New Construction a Cause to Celebrate in Dallas' Jubilee Park

Impoverished community southeast of downtown has even an influx of new homes, designed for first-time home buyers

Evelyn Amaya has become her mother.

Her walks through Jubilee Park, the 62-block southeast Dallas neighborhood where she grew up and now works as a volunteer coordinator, are a regular reminder that she knows everyone.

"It's funny because my mom used to do the same thing when I was younger," Amaya said when asked about her obvious popularity with her neighbors. "When she walked me to the school, she's holding my hand and everyone is, 'Hi Ms. Amaya. Hi Ms. Amaya.' And now my kids do the same thing when I go to the store. My oldest one is 15. It's funny because she says, 'Okay mom, ten minutes tops because we have to keep moving.'"

Amaya is on the move this day as she is making her weekly rounds, delivering community calendars to residents of Jubilee Park.

There is more to do these days in Jubilee Park than Amaya remembers from her childhood, when she recalls seeing drug dealers and prostitutes on street corners and hearing gunshots at night.

The community center has become the hub of activity and growth in this neighborhood just east of Fair Park. It plays host to daily adult education courses and busy after school programs for children.

The park behind the main building, which bears the name of Dallas business magnate T. Boone Pickens, plays host to soccer and basketball games on surfaces donated by Emirates Airlines and the Dallas Mavericks, respectively.

The streets surrounding the community center are monitored by a network of 49 police cameras, which are monitored around the clock. Since the cameras were first installed in 2007, the crime rate in Jubilee Park has been reduced by 64% according to the organization. In May 2015 there were no incidents of crime reported in the neighborhood, an amazing feat for any area.

The streets are also filled with the sound of new construction. By this summer, 26 new houses will have been completed as part of the Affordable Housing Initiative.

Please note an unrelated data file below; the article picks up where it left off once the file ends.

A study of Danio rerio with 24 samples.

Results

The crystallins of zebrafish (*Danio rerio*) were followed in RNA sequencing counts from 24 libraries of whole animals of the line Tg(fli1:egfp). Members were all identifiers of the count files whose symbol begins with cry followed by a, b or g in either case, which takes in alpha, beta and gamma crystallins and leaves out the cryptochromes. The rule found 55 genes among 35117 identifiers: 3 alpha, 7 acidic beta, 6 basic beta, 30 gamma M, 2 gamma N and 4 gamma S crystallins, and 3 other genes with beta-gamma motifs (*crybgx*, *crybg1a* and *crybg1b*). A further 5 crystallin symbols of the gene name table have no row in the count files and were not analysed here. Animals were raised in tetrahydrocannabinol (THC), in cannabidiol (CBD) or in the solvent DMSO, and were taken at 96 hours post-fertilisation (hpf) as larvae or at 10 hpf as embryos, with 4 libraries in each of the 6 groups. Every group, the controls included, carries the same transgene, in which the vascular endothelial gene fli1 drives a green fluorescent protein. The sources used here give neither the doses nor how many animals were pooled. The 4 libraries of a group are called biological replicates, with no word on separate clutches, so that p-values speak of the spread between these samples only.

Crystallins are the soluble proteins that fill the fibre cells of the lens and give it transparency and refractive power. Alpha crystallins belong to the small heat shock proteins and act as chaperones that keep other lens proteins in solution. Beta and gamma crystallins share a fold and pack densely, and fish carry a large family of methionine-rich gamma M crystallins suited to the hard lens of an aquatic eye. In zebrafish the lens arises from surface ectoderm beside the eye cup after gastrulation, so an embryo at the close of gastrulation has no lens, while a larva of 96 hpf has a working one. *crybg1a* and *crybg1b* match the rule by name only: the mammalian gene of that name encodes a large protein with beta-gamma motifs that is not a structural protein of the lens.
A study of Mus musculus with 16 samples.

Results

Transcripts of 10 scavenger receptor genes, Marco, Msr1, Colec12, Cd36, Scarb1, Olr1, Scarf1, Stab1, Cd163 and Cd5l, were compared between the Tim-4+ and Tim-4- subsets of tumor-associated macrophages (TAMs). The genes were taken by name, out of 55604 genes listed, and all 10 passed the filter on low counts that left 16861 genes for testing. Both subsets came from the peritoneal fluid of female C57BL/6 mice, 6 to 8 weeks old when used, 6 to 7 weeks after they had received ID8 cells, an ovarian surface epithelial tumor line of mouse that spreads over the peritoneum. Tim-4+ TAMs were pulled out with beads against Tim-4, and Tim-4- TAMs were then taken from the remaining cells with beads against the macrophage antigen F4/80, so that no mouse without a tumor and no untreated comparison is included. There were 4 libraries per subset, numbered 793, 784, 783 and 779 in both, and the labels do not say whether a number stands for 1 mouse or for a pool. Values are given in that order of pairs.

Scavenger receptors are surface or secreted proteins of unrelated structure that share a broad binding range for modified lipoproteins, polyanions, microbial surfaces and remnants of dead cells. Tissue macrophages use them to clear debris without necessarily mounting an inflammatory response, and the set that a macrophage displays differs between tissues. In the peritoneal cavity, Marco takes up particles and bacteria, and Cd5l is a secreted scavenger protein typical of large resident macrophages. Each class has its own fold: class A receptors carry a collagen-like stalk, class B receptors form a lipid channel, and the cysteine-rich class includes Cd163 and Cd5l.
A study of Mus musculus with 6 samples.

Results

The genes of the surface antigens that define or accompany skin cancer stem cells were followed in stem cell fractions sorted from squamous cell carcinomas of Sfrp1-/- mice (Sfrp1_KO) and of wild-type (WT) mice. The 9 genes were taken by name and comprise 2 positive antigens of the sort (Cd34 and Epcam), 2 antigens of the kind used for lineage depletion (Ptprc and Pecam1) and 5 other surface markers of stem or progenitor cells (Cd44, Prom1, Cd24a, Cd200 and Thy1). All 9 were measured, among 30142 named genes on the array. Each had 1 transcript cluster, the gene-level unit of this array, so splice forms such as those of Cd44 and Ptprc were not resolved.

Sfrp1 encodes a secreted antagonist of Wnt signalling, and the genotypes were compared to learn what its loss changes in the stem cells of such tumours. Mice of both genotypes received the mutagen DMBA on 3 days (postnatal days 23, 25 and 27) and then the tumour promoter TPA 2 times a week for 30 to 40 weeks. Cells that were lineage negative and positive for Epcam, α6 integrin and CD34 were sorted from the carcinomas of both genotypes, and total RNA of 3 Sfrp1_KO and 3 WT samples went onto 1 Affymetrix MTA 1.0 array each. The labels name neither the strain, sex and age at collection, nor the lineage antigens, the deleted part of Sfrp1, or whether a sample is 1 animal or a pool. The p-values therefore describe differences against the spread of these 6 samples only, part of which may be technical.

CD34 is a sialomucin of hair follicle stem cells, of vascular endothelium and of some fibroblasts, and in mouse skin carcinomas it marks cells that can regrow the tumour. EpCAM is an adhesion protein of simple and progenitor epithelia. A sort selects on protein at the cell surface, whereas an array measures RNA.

Eleven houses were built on Ann Avenue, each of which has a view of the Dallas skyline, last year alone. They are now occupied by first-time home buyers, each of whom was required to finance a maximum of $100,000 to purchase the property. Jubilee provided $25,000 for each home, as did the City of Dallas. The United States Department of Housing and Urban Development put up $20,000 per home, and Earth Day TX put in $15,000 to each house so they would qualify as LEED Silver, energy efficient homes.

"What we're doing in this neighborhood is we're investing in people," said Ben Leal, the CEO of Jubilee Park, while standing on Congo Street, an impossibly narrow road that is currently the construction site of six custom-designed, LEED Silver homes set to be finished by the summer.
"I think this is really an exciting opportunity for someone who is low income living in this neighborhood."

Jubilee Park is still not without its struggles. Nearly half of its residents live below the federal poverty level, and nearly three in four do not have a high school diploma.

But Evelyn Amaya is proud of the progress that is happening in her neighborhood. And she says it is obvious that the other residents have bought in, as well.

As volunteer coordinator for the community center, one of Amaya's main responsibilities is to recruit people to volunteer their time for free at any one of the many programs offered throughout the year.

In 2016, Evelyn Amaya was largely responsible for bringing in 830 volunteers who gave 32,000 hours to the center, which is double the amount of hours worked by the paid staff who works there.

"It's a total transformation," Ms. Amaya said about Jubilee Park. "It seems like a total dream that you woke up and your neighborhood is different all of a sudden and it has all these opportunities and you're able to just go out and talk to anyone and before you'd couldn't do that."